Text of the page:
By Edited Nov 13, 2013 1 2

Christmas ads start so early that they are enough to cause anyone a holiday depression. Just turning off the television and radio really doesn’t make them disappear. They are on your internet sites, and on billboards screaming for your attention. They are in your children’s notes from school about the Christmas film they are going to watch. They are in the store windows listed as the worst Christmas gifts to give. There is no escape from the reminders bombarding you that the Christmas blues are on the way with the ads.

One thing to keep reminding yourself when you want to jingle jangle someone’s cheery “Merry Christmas” greeting is that it could be worse. Yes, it could be worse. Then think a bit on that. Top your wretched mood, and visualize the something worse. More often than not you will find yourself laughing hysterically at what you have imagined, and the best part is that no one on earth knows why you are laughing. They see you, and just think you are this very merry little being who is so excited for the big Christmas to happen.

Another thing you can do is nothing. How can you do nothing? Simple, stop engaging in all the commercial crap that you are inundated with. Think of something that you are always pressured (by yourself or others) to do or purchase at this insane time of the year. Is it sending Christmas cards? Getting just the right photo for the cards? Decorating your home with all sorts of doodads that you have to make room for first, and that means cleaning? Purchasing mistletoe? Purchasing all those “under $10.00” gifts for this or that exchange and truly knowing what the worst Christmas gifts are? Whatever it is that stresses you, STOP. You can graciously back out of the gift exchanges. You can enjoy getting cards, and not sending them. Maybe send them after the big Christmas, or way before, like in July. Then you have plenty of time for the right photo to add. You can easily simplify the decorations to a few classics that you enjoy looking at, or better yet, give the decorations to a nursing home or hospital or mental institution or a family that would like them. What a nice gesture that would be.

That is just the commercial part of the big Christmas. What about the sad Christmas memory? How to deal with the depression? Many people experience melancholy from grief, remains of loss from death of a loved one, be it human or animal. I know I felt rather vacant inside the first Christmas after my brother died (he died at Christmas). Just the whole atmosphere of merry and brightness can be like a cloud that doesn’t allow for sunlight. The pseudo charm of all the commercial Christmas paraphernalia drenching our whereabouts can increase the loneliness and depressed state of surviving a death at Christmas. There are some things I have found helpful.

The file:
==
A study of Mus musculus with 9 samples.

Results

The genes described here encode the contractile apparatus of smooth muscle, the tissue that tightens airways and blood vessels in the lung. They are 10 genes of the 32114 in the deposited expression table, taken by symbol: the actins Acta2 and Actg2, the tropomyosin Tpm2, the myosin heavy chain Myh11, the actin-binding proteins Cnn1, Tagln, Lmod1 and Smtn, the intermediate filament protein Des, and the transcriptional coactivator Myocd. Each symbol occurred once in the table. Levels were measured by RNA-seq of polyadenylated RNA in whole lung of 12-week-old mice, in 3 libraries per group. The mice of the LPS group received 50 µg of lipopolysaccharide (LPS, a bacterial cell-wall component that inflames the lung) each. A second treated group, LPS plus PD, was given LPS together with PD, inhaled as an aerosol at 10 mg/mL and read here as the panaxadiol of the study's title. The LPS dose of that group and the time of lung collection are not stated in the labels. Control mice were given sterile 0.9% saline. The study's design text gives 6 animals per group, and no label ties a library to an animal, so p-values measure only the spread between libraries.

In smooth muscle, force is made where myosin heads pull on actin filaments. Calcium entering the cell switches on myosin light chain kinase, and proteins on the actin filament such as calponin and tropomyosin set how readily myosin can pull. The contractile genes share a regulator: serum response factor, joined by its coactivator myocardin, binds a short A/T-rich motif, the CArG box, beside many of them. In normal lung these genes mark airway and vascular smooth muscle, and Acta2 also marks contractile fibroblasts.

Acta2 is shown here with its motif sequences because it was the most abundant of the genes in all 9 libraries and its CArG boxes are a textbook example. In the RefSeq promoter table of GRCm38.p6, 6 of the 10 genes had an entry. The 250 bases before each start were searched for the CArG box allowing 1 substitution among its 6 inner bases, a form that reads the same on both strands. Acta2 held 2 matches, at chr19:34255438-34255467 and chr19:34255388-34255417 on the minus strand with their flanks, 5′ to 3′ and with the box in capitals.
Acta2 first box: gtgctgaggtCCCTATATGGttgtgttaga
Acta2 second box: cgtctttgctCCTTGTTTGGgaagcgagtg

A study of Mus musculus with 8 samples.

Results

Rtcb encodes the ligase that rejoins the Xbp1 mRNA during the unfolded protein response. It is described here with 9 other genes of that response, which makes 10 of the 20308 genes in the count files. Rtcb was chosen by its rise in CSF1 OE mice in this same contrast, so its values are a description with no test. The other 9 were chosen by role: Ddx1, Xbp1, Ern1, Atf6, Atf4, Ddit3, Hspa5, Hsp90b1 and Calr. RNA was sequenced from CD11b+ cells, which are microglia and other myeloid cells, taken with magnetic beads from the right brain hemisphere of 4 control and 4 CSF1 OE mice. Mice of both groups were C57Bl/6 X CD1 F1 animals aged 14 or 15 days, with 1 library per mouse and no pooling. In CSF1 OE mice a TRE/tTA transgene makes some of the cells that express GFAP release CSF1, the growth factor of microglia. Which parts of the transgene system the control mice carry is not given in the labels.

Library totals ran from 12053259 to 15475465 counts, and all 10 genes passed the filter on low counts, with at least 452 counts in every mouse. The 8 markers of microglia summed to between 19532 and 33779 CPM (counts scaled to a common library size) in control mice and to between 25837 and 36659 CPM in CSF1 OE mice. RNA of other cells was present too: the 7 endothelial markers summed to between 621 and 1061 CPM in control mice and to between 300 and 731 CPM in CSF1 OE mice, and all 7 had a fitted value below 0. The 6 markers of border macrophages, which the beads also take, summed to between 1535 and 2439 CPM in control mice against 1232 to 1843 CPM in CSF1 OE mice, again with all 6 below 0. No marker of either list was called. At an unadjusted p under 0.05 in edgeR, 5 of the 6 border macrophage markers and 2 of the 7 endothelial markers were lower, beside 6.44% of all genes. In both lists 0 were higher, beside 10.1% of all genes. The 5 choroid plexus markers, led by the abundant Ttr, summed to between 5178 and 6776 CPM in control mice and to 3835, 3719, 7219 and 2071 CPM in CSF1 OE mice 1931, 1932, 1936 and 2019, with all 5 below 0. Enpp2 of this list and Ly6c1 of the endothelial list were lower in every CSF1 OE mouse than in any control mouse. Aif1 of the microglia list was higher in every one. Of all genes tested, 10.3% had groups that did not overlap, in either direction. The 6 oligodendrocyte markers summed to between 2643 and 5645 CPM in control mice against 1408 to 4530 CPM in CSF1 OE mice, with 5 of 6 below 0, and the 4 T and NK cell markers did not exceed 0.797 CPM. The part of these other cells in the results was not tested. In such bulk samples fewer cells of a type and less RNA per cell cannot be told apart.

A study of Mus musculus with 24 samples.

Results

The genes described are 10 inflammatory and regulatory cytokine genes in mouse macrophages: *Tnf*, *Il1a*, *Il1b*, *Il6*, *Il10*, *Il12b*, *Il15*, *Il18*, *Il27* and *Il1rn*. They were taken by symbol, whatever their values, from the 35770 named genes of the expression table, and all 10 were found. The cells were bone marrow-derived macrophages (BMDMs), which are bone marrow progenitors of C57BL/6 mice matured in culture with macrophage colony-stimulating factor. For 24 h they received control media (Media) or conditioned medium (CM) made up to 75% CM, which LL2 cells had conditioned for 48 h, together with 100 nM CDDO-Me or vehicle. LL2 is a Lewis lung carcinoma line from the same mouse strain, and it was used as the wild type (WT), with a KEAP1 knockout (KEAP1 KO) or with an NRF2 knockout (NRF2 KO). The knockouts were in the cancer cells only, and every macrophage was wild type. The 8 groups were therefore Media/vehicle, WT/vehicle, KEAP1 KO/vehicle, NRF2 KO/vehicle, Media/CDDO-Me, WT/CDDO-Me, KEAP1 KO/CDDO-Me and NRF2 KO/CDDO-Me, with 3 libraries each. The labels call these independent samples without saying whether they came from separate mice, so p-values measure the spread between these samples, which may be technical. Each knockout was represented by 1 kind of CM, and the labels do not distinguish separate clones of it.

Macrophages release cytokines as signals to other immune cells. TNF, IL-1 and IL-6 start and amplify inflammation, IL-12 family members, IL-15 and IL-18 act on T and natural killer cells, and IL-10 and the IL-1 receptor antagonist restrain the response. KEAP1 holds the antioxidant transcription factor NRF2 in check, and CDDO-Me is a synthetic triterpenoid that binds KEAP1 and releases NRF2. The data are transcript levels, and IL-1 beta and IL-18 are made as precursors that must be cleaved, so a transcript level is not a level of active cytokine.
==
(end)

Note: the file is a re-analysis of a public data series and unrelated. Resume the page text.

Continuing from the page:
1. Get outside whether it is snowing or sunny. Walk and take some deep breaths. Visualize your tension melting. Smile at the universe. Use those smile muscles. Caw back at the crow that is calling to you. Stretch your arms and fingers overhead and wriggle them at the sky.
  2. Remember a happy time shared with your loved one. Sense his/her presence around you, and be grateful you had the experience of loving him. What a great gift to cherish. Now is the time to bring it out and shine some light on it - the loving memories that no one can take from you.
  3. Allow yourself time to sigh deeply in awe of the loved one’s absence. . .has he/she really been gone that long, oh how I miss him. The universe catches the sighs and the spirits lift your heart out of it’s ache. It feels better to allow the grief time, the melancholy sadness. It gets shorter each time you allow the feelings and emotions to release.
  4. If you put up a tree to decorate, include something for your loved one. A memento that makes you feel better, and closer to him. I was very moved in a positive sense when I put up a Christmas decoration that actually was given to me at my brother’s memorial service. Every year I set it somewhere that is upbeat (in a sleigh, next to a gorgeous red poinsettia, etc.), and I know that he is right there with me, in my fondest memories.

Christmas decorations

If possible it helps to be with others who you can share your memories with. Often you will find that you are not alone in your holiday depression. It is a great way to find out how others deal with the “Christmas sucks” blues. Sometimes misery does love company. There is no need to grit your teeth and steel yourself for another awkward, depressed Christmas. Instead, try some of these suggestions, and lighten your load. Remember, it could be worse!

image credit - wikimedia commons



Jun 10, 2011 3:43am
Tom_Carver
A nice article, sad, yet uplifting at the same time. I share a lot of your sentiments about Christmas and I believe in giving a gift at a non Christmas time. December is just a reminder, in case you have forgotten to acknowledge a loved one during the year. We sometimes regret missed opportunities.
Jun 10, 2011 11:15am
footloose
You nailed it in your last comment. Thanks for reading!